Hoping to prevent the killings of stray dogs who are roaming the streets of Sochi, a Russian billionaire has funded the creation of a shelter where the animals can find new owners.
A year before the Sochi Olympics, municipal authorities announced a contract to "catch and dispose" of strays — a move that animal rights activists have vehemently protested. While authorities pledged to give up the practice, companies have been hired to continue killing the dogs throughout the games, which started Friday and end Feb. 23.
Oleg Deripaska’s shelter in Baranovka, a village near Sochi, houses around 40 dogs in basic pens, but city officials say such protection gives the dogs a chance of finding a new home, Reuters reports.
Sonya Turpyetkina, a veterinarian who works at the shelter, says stray dogs in Sochi are being killed by the lure of poisoned bait.
“This is repulsive, they are dying in horrible pain,” she told Reuters.
However, a Sochi city official said no healthy dogs were being killed in the city, and the International Olympic Committee says only sick and dying dogs are being targeted.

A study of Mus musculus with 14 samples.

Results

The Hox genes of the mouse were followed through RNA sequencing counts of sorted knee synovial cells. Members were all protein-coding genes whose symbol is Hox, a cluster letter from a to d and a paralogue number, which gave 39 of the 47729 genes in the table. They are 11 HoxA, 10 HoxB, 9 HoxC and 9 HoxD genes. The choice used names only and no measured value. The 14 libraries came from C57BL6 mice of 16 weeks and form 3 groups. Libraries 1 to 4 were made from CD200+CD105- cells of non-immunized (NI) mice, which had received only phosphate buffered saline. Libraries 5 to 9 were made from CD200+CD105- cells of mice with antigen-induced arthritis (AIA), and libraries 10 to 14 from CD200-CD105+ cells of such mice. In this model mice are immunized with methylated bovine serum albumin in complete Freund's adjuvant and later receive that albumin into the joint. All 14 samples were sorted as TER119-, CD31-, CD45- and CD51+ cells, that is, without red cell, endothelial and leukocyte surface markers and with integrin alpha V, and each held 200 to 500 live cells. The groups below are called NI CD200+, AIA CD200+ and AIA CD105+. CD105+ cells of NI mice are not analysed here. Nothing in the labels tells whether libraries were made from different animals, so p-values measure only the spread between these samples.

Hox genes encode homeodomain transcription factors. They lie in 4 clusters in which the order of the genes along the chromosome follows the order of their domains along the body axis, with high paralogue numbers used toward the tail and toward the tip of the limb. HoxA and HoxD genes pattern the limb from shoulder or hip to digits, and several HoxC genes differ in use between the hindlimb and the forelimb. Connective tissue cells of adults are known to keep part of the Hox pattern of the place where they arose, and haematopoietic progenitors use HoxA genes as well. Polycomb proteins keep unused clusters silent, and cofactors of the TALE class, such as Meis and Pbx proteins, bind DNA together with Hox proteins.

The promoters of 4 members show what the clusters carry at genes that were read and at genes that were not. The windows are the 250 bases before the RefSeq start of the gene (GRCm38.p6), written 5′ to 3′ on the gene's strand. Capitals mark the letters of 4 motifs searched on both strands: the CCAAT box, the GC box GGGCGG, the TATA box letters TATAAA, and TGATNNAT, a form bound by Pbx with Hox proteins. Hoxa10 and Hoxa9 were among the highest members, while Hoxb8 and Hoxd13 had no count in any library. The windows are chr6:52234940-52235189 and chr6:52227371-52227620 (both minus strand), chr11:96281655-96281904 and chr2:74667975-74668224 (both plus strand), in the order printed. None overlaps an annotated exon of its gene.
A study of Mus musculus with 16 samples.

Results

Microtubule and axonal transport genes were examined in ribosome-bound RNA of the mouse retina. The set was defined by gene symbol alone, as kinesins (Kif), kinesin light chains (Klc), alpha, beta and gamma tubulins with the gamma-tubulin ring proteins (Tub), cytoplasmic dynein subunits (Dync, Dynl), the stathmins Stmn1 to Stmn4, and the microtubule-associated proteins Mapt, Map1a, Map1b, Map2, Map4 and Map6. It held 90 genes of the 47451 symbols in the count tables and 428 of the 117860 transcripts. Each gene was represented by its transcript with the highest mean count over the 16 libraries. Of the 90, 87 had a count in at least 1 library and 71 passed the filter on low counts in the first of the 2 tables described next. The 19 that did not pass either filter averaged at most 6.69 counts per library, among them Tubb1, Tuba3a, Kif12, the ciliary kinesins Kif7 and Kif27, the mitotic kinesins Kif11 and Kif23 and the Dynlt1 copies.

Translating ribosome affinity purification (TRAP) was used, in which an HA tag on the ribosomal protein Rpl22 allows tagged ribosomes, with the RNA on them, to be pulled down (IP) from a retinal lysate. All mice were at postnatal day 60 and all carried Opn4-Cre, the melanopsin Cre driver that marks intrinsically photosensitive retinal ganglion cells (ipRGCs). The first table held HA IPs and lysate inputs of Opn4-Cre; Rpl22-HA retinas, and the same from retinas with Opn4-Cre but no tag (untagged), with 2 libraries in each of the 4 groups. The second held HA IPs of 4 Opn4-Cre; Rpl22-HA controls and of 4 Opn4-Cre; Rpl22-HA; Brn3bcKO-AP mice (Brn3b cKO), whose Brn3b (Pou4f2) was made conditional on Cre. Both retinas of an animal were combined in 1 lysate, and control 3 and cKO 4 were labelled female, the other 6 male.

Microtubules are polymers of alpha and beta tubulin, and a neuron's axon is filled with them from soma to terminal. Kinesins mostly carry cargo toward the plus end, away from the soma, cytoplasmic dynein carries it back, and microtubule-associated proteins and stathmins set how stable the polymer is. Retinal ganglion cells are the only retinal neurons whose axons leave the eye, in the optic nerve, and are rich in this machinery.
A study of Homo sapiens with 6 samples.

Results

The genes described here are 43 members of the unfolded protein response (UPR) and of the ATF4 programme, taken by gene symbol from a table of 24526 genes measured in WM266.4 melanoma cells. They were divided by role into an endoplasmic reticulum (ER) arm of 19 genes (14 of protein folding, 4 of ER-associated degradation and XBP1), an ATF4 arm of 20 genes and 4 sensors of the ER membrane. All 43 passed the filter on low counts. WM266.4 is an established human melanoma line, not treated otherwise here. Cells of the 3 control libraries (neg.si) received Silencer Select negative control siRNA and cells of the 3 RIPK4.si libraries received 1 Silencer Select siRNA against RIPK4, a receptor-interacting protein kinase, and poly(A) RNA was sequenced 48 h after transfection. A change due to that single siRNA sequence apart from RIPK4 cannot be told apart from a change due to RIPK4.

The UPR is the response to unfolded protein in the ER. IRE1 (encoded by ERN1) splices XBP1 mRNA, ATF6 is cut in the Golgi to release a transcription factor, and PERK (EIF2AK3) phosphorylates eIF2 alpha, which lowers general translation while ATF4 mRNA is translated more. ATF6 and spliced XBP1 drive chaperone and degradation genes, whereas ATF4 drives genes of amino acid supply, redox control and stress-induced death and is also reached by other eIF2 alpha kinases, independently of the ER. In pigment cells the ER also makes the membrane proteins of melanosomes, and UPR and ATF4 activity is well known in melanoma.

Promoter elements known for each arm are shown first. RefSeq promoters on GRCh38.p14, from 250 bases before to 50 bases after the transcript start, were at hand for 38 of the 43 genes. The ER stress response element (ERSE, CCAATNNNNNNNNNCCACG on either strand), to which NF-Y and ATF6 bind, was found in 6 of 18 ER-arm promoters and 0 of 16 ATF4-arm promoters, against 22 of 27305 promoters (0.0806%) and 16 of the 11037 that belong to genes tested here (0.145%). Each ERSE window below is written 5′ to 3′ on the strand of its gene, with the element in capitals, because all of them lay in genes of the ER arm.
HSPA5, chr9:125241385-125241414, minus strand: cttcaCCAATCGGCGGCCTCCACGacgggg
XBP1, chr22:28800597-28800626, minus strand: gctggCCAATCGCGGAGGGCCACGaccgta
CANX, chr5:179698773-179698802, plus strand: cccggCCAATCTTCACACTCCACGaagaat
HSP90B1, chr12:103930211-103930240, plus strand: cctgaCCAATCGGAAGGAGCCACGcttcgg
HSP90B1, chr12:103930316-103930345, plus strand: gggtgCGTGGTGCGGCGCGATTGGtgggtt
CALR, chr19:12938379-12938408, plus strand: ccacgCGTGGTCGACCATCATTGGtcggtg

Deripaska has been quoted by the media as being a dog lover, according to Reuters.
On Saturday, a Russian animal rights activist was detained in Moscow after he and two others protested the country's policy of killing strays.
Three activists unfurled a banner near Red Square that read "Bloody Olympics" and depicted a puppy covered in blood. A policeman approached and pulled the banner out of the activists' hands, and one man was detained while the other two fled.
Dmitry Chernyshenko, chief of the Sochi organizing committee, told a news conference on Saturday that local authorities in Sochi are working to save the dogs and said "the media are free to come and see how it is organized."
Chernyshenko also said the number of stray dogs is likely to drop as construction workers who often provide the strays with scraps of food leave the Olympic venues area.
The Associated Press contributed to this report.